Members of Australia's swimming team behaved more like schoolboys than Olympians in camp before the London Games, according to a member of the under-fire men's 4x100m freestyle relay team.
Heat swimmer Tommaso D'Orsogna has spoken out about allegations of misbehaviour within the team and said a deterioration of the team's cohesion in recent years contributed to it underperforming in London.
D'Orsogna also claimed some squad members were "putting themselves up higher than the rest of the team."
Admitting he was among those who "misbehaved", D'Orsogna told the Ten Network that members of the men's relay team engaged in "disappointing" behaviour during the team's pre-Games training camp in Manchester, including making prank calls and knocking on bedroom doors.
"I suppose the thing is, people are kind of saying `it's just boys being boys' but unfortunately I come back and I look back on that kind of thing and maybe that would be acceptable in schoolboys rugby ... but this is the Australian Olympic team," 21-year-old D'Orsogna said.
"That kind of behaviour shouldn't be tolerated nor should it be allowed.
"I can definitely confirm that there's no way that any other Australian team that went away to the Olympics would have been mucking around and doing that stuff."
Asked about allegations members of the six-man relay team, also featuring James Magnussen, Eamon Sullivan, Matt Targett, James Roberts and Cameron McEvoy, had also devised an "initiation ritual" that involved taking sleeping drug Stilnox - which was banned from the Australian Olympic team - D'Orsogna said: "I'm not going to be that guy that lies on media.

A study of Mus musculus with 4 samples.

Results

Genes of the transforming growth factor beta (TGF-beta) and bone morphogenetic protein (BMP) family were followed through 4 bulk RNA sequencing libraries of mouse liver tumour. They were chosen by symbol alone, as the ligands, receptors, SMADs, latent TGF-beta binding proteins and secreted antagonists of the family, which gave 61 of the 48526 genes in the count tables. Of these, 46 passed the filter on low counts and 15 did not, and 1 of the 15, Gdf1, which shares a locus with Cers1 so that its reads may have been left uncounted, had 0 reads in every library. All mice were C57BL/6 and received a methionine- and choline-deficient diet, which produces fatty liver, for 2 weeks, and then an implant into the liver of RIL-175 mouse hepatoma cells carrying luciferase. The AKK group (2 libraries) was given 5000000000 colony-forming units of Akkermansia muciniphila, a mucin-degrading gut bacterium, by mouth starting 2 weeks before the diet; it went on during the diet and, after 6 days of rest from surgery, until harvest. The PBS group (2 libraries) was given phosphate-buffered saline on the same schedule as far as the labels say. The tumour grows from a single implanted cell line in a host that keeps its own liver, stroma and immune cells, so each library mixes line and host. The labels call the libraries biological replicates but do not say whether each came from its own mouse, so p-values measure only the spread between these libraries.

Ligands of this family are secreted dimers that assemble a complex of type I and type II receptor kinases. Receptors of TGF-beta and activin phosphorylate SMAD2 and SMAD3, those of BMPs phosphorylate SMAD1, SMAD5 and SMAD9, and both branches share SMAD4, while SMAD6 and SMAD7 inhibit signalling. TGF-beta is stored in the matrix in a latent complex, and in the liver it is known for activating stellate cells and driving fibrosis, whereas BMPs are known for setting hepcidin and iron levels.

"I'm not going to be the guy that stands up here and lies to Australia but at the same time I'm just not going to comment."
Australia's swimmers claimed only one gold medal in London, their worst haul since the 1992 Barcelona Games.
Favoured for gold, the men's 4x100m freestyle relay team failed to win a medal when fourth in their final.
The Swimming Australia board is preparing to launch a review into the performance, expected to be headed by former swimmers and board members Kieren Perkins and Tim Ford.
D'Orsogna, who has been on the national team since 2009, said it was vital the review addressed the issues within the squad.
"The thing to do now is make sure we're catching some of the issues that have gone wrong and make sure we don't slide any further down."
Veteran Libby Trickett described the behaviour of the male swimmers as childish.
"I did hear about the knocking on doors and prank phone calls," Trickett told AAP on Thursday.
"I kind of look at this and think this is very childish.
"I'm all for having a good time and being light-hearted but I just think there's a time and place."
Trickett, who won gold as a heat swimmer in the women's 4x100m freestyle relay, called for change and welcomed the review.
"We need to get some structure back," she said.
"This is a huge learning curve.
"It's important to have that strong leadership."
Public pressure may also have affected preparations ahead of the men's disappointing performance in the 4x100m freestyle relay, Trickett said.
"They expected they were going to win that event ... I've learned you can never expect anything," she said.
"Unfortunately for the men, they let the pressure get to themselves."